12-04-2008

After a couple of less than inspiring experiences, Lynn Hawthorne ponders the state of British Trades Unions.

 I have been a staunch supporter of the trades union movement for years, but  lately, I’m beginning to wonder just exactly what I am getting from my monthly subscription.

It’s very easy to romanticise the unionisation of Britain: the noble working poor against the might of the evil mill/factory/mine-owners. Novels like Elizabeth Gaskell’s North & South remind us of the principle of the dignity of labour. But we know that not every working person is noble, honest and diligent and that not every employer is evil, corrupt and uncaring.

Depending upon your point of view about paternalism, the 19th century Quaker Cadbury family can be seen as model employers, providing housing, education, leisure facilities, even outings and holidays. You were wedded to the company, but the benefits were marked.

But post-Thatcher, the British worker is a different animal. The ‘Me First’  generation is about loyalty to the self and hang the consequences. We want-it-all and want-it-now and generally seem to have little fellow feeling in our employment make up.

The unions seem to reflect this. Yes, their backs were broken by Thatcher and many of their powers rescinded, but they seem to have few teeth these days and even less desire to use them.

To me, our trades unions seem to have gone the way of all our other service industries and are hard to contact, hard to motivate and hard to engage on our side.

Recent recounted experience of trying to contact a public service sector union and a teaching union is depressing.

A colleague of mine waited a week for a returned call and someone else I know spent two days on the ‘phone trying to track down their union, leaving messages, e-mails and answerphone messages at both branch and region, before kicking up a stink at national level.

Ok, so representatives are busy, but there should always be access to advice and guidance. And local branch reps should not ignore messages and fail to return calls. Members only call their unions when they need help and it’s usually urgent or pressing, so the service needs a review and fast.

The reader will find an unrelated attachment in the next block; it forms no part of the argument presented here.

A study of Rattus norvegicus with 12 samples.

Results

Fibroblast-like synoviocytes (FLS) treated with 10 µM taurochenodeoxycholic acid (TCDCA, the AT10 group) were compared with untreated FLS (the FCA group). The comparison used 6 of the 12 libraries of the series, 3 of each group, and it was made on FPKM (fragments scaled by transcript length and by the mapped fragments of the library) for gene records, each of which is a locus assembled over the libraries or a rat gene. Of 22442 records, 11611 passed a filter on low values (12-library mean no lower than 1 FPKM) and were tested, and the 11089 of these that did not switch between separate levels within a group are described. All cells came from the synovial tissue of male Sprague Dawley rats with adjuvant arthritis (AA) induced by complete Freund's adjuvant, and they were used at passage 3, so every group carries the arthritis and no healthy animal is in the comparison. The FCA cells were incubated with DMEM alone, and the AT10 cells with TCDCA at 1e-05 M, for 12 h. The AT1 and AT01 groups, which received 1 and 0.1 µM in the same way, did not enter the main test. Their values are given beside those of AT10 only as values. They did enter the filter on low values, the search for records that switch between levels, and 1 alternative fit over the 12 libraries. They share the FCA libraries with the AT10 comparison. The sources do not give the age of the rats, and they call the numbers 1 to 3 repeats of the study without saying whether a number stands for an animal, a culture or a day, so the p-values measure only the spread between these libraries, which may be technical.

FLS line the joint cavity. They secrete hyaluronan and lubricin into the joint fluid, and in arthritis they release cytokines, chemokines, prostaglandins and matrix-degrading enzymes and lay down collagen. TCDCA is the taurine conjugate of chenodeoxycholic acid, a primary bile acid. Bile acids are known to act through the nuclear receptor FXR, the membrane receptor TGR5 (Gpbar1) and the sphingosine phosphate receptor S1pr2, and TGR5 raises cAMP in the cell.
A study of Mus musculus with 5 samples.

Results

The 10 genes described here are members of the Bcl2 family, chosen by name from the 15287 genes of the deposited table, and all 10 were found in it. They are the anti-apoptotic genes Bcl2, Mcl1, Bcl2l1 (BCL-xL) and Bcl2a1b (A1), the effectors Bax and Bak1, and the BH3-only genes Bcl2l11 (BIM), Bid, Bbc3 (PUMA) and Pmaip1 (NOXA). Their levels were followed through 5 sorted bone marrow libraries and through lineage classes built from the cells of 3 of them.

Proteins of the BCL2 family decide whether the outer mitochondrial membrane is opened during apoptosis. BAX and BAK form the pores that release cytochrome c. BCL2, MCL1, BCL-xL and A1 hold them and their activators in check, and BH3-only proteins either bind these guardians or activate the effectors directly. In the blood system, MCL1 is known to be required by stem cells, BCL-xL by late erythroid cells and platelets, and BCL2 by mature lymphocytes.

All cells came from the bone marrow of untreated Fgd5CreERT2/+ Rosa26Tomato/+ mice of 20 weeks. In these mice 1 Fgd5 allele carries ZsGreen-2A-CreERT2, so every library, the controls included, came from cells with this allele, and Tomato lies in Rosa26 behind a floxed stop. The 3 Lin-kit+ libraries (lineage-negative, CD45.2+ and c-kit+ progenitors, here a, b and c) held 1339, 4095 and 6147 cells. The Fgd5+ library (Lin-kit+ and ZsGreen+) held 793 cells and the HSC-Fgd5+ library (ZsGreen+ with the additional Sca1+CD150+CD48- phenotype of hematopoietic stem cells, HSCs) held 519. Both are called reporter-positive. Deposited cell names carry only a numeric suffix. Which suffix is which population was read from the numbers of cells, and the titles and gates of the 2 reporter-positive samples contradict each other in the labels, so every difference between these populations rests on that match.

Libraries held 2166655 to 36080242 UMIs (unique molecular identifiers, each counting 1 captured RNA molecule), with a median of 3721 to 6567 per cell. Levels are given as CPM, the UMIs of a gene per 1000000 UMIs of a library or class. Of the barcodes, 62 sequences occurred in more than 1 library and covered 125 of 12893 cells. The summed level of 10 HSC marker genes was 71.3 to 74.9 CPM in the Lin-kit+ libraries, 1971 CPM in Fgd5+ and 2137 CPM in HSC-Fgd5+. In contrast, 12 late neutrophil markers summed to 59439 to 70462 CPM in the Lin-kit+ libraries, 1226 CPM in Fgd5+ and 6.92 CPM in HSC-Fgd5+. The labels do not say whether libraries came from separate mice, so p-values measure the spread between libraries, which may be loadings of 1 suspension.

Why this apparent disinterest? Is it falling membership applying financial constraints? (Have you ever seen a national conference held in some dive? No, swanky halls and hotels is always the order of the day) Is it that the old fire-in-the-belly socialist is dead and buried? Or is it simply that all these mergers have led to unions which are too big to be specialised and too cumbersome to be efficient?

UNISON, for example, is Britain’s biggest union with 1.3 million members. When it was NALGO (National Association of Local Government Officers) and NUPE (National Union of Public Employees), it dealt with totally different issues and used different approaches. Now the union represents employees and management and, inevitably, there will be conflicts of interest.

I am not advocating a return to the bad old days of ‘Everybody out!’ every five minutes where Britain became a laughing stock and jokes like this became commonplace:

          Two British Leyland workers were on a tea break. “I see the daffodils are out,” said Fred. “Will that affect us, do you think?” asked Bill.

What I am asking for is for workers to remember the debt we owe to trades unionists of the past who fought for our rights and privileges that we now take for granted and realise exactly why we joined a union in the first place.

And I want those who are employed by our unions to remember the people they represent – the ones who pay their wages – and start being more loyal to them and not just to veiled political preferences, because surely modern trades unions need to be in a bargaining position with any party that may be elected to power. That way they can remain unbiased and active on behalf of its membership.

Are you in a union?  How relevant are they in 2008?  Leave a comment on The Stirrer Forum.